The principle of adaptation — the gradual modification of a species’ structures and features — is one of the pillars of evolution. While there exists ample evidence to support the slow, ongoing process that alters the genetic makeup of a species, scientists could only suspect that there were also organisms capable of transforming themselves ad hoc to adjust to changing conditions.
Now a new study published in eLife by Dr. Eli Eisenberg of Tel Aviv University’s Department of Physics and Sagol School of Neuroscience, in collaboration with Dr. Joshua J. Rosenthal of the University of Puerto Rico, showcases the first example of an animal editing its own genetic makeup on-the-fly to modify most of its proteins, enabling adjustments to its immediate surroundings. The research, conducted in part by TAU graduate student Shahar Alon, explored RNA editing in the Doryteuthis pealeii squid.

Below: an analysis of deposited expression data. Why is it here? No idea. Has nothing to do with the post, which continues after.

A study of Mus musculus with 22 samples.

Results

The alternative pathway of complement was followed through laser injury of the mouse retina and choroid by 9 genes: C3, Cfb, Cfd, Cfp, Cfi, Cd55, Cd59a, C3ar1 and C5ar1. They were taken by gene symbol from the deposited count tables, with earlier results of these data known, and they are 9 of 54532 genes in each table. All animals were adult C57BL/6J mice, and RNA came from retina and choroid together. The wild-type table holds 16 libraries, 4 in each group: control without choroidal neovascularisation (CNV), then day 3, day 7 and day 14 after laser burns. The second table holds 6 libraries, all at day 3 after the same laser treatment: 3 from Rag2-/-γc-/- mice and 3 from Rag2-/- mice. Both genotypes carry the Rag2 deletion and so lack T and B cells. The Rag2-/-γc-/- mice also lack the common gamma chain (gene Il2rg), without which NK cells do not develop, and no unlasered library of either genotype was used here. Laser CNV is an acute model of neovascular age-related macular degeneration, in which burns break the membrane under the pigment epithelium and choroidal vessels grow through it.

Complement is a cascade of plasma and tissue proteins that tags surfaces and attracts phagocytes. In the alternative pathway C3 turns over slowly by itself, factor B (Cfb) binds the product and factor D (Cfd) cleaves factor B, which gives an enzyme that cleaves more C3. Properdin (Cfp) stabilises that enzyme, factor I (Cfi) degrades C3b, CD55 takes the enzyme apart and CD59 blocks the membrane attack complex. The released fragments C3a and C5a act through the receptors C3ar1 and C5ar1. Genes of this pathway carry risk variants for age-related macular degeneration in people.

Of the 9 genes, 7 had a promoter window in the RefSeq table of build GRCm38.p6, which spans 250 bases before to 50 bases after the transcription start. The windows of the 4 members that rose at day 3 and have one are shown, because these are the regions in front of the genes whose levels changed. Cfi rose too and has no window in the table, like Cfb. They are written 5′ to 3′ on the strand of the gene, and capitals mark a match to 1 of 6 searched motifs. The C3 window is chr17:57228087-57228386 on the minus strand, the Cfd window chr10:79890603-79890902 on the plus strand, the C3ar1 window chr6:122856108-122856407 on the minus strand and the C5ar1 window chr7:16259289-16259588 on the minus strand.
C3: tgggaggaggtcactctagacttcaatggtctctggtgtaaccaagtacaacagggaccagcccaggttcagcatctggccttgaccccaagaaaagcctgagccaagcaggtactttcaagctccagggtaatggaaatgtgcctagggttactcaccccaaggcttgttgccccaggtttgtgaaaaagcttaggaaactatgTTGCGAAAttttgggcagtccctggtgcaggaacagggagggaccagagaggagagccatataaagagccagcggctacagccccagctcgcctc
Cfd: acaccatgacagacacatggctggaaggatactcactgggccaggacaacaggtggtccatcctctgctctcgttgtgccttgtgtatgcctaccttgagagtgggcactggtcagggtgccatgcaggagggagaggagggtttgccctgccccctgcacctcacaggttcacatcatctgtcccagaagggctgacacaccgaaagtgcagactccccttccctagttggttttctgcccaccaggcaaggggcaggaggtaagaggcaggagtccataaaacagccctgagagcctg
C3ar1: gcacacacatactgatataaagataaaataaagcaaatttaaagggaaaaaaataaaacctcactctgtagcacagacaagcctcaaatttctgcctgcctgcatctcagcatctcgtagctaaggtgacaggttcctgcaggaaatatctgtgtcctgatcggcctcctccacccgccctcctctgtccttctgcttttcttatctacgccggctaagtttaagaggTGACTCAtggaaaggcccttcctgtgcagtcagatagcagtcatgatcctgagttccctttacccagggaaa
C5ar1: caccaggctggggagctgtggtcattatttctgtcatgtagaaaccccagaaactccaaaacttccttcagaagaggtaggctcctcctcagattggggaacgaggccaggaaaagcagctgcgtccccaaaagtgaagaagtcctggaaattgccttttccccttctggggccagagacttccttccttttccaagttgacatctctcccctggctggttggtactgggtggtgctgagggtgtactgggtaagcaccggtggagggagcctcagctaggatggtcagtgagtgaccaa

“We have demonstrated that RNA editing is a major player in genetic information processing rather than an exception to the rule,” said Dr. Eisenberg. “By showing that the squid’s RNA-editing dramatically reshaped its entire proteome — the entire set of proteins expressed by a genome, cell, tissue, or organism at a certain time — we proved that an organism’s self-editing of mRNA is a critical evolutionary and adaptive force.”
“It was astonishing to find that 60 percent of the squid RNA transcripts were edited. The fruit fly, for the sake of comparison, is thought to edit only 3% of its makeup,” said Dr. Eisenberg. “Why do squid edit to such an extent? One theory is that they have an extremely complex nervous system, exhibiting behavioral sophistication unusual for invertebrates. They may also utilize this mechanism to respond to changing temperatures and other environmental parameters.”
Well, if an extremely complex nervous system, plus the need to adapt, explains this, we should expect to see primates doing it too. Stay tuned.
How, exactly, did all this develop via natural selection acting on random mutations (Darwinism)? Nothing about the system is random.